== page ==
Italian teenager Francesco Bagnaia made history at the Dutch Grand Prix in Assen on Sunday, fighting every inch of the way to claim not only his first Grand Prix win, not only the first win for the Mahindra Moto3 team, but also the first ever in the history of the sport for an Indian constructor.
The 19-year-old Italian's triumph came after one of the fiercest races ever seen in the most competitive class in the MotoGP World Championships.
A pack at one stage 14-strong fought over centimetres of track and hundredths of a second, over the full 22 laps of the classic 4.542-km Assen TT circuit. The top three crossed the line within four hundredths of a second; the top six inside two tenths.
Bagnaia had qualified tenth, on the fourth row of the grid, but he put his white-liveried Aspar Mahindra racer at the sharp end throughout. After 99.924 km of the fiercest fighting, the 19-year-old star was ready to claim a virtual photo-finish win in a fairing-banging, paint-swapping brawl through the final chicane.
Victory came after the best season so far for the Mahindra MGP3O racing motorcycle. Bagnaia had already claimed three, top-three podium places. This first race win halfway through the 2016 season was proof positive of Mahindra Racing’s hard-won progress, and the perfect reward for tireless work at the Indian company’s state-of-the-art racing bike development and engineering facility in Italy.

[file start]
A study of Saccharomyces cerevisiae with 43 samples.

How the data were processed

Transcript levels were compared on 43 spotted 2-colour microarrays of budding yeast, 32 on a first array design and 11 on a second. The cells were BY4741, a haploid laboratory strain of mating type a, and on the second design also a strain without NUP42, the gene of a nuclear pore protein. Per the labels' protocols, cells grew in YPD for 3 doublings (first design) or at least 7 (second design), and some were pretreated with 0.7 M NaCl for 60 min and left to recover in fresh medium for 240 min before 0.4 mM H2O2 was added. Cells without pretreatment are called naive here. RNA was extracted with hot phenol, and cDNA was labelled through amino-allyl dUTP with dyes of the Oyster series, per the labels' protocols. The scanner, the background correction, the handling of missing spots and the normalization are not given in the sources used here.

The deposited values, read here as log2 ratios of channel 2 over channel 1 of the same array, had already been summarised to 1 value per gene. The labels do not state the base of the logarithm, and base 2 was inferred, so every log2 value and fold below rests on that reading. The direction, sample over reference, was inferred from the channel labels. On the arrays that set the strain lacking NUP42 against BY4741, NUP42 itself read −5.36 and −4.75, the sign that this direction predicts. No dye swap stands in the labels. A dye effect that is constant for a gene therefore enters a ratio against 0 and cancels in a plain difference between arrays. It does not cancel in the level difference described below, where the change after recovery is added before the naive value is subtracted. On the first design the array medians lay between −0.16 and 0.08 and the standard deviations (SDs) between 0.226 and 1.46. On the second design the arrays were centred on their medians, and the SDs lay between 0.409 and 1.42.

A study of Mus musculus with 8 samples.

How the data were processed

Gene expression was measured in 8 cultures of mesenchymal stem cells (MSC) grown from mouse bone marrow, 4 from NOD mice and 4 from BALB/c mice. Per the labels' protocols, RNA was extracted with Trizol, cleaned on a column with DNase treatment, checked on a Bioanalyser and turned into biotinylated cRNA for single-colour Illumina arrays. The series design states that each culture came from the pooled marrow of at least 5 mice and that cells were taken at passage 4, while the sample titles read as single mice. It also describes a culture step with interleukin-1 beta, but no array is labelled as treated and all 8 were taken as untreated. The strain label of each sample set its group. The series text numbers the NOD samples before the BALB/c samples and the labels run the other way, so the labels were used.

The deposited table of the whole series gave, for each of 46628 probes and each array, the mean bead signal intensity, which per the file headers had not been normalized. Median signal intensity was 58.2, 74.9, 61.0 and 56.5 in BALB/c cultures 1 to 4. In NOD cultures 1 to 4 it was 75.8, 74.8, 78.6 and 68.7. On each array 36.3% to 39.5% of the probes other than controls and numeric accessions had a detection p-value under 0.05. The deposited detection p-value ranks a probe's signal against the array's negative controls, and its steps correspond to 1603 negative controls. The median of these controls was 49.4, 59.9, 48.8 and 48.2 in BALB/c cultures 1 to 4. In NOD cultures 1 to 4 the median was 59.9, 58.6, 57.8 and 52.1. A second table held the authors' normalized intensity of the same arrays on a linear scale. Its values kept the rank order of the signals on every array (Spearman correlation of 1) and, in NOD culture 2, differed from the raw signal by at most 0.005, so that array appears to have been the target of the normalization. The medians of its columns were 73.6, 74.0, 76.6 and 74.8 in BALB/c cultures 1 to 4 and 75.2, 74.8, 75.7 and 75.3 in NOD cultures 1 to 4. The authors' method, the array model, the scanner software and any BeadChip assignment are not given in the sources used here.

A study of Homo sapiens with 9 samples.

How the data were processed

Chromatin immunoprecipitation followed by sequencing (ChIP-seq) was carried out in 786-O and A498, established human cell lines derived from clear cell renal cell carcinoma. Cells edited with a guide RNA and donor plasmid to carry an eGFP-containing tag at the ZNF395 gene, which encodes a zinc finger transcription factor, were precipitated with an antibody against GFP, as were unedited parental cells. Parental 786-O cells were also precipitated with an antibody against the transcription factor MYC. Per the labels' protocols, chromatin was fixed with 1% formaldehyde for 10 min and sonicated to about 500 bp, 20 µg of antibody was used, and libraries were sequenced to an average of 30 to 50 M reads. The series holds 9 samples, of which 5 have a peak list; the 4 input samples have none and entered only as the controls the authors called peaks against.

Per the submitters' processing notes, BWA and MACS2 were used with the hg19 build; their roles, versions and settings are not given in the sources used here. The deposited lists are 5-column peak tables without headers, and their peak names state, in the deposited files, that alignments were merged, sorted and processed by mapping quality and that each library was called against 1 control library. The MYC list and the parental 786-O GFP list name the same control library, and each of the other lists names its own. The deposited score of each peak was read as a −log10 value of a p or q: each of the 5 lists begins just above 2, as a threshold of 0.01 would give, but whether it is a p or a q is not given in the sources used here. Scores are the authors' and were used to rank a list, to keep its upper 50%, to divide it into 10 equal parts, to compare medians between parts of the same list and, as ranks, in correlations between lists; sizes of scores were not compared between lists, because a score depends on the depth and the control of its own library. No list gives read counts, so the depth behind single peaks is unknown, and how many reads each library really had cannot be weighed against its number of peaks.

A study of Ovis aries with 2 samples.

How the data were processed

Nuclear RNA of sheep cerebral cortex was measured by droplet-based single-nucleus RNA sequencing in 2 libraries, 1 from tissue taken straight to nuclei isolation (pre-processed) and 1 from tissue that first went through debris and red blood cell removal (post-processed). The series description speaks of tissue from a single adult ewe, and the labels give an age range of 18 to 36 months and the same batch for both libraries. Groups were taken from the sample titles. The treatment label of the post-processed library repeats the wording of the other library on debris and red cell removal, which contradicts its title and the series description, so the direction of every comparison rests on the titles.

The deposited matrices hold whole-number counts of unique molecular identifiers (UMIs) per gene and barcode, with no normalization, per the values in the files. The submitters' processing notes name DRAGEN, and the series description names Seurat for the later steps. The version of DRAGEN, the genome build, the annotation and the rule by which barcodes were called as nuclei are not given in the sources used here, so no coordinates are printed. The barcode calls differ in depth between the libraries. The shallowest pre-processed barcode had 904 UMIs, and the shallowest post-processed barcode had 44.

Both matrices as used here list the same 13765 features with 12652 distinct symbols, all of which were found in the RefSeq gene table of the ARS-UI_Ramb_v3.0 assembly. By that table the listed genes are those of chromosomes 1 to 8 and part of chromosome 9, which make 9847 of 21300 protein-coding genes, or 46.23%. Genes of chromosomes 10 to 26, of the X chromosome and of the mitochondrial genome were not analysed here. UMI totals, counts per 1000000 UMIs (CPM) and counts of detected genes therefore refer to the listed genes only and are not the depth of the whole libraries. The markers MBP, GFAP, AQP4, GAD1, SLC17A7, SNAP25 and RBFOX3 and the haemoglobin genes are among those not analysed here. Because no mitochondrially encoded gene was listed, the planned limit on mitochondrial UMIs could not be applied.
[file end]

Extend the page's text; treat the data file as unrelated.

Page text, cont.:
Indian automotive and industrial giant Mahindra made a low-key start in Grand Prix racing in 2011, taking over an existing team in the final year of the old 125cc two-stroke formula. In 2012, with the advent of 250cc four-stroke Moto3 machines, Mahindra embraced full constructor status, with their own machine; and in 2013 launched the all-new MGP3O.
Dedicated development saw the Mahindra gain strength to become a regular top ten and then top-three challenger, en route toward their first race win.
Mahindra Group Chairman Anand Mahindra had launched the project in 2010 with the words: "The Indians are coming." And today when the Indian industrialist’s prediction came true at the most classic circuit on the calendar, he responded within minutes on social media: "How do I explain my emotions? Sorry for being a wimp, but I am moved to tears. Triumph over so many hurdles and scepticism."
Victory moved Bagnaia up to fourth in the championship, just four points away from third.
Second team rider Jorge Martin withdrew on the first day, hand injuries sustained three weeks ago at the Catalunya GP not sufficiently healed to allow a safe race. His place was taken by fellow-Spaniard Alberto Arenas (19).
The next race is the German GP at the Sachsenring in three weeks.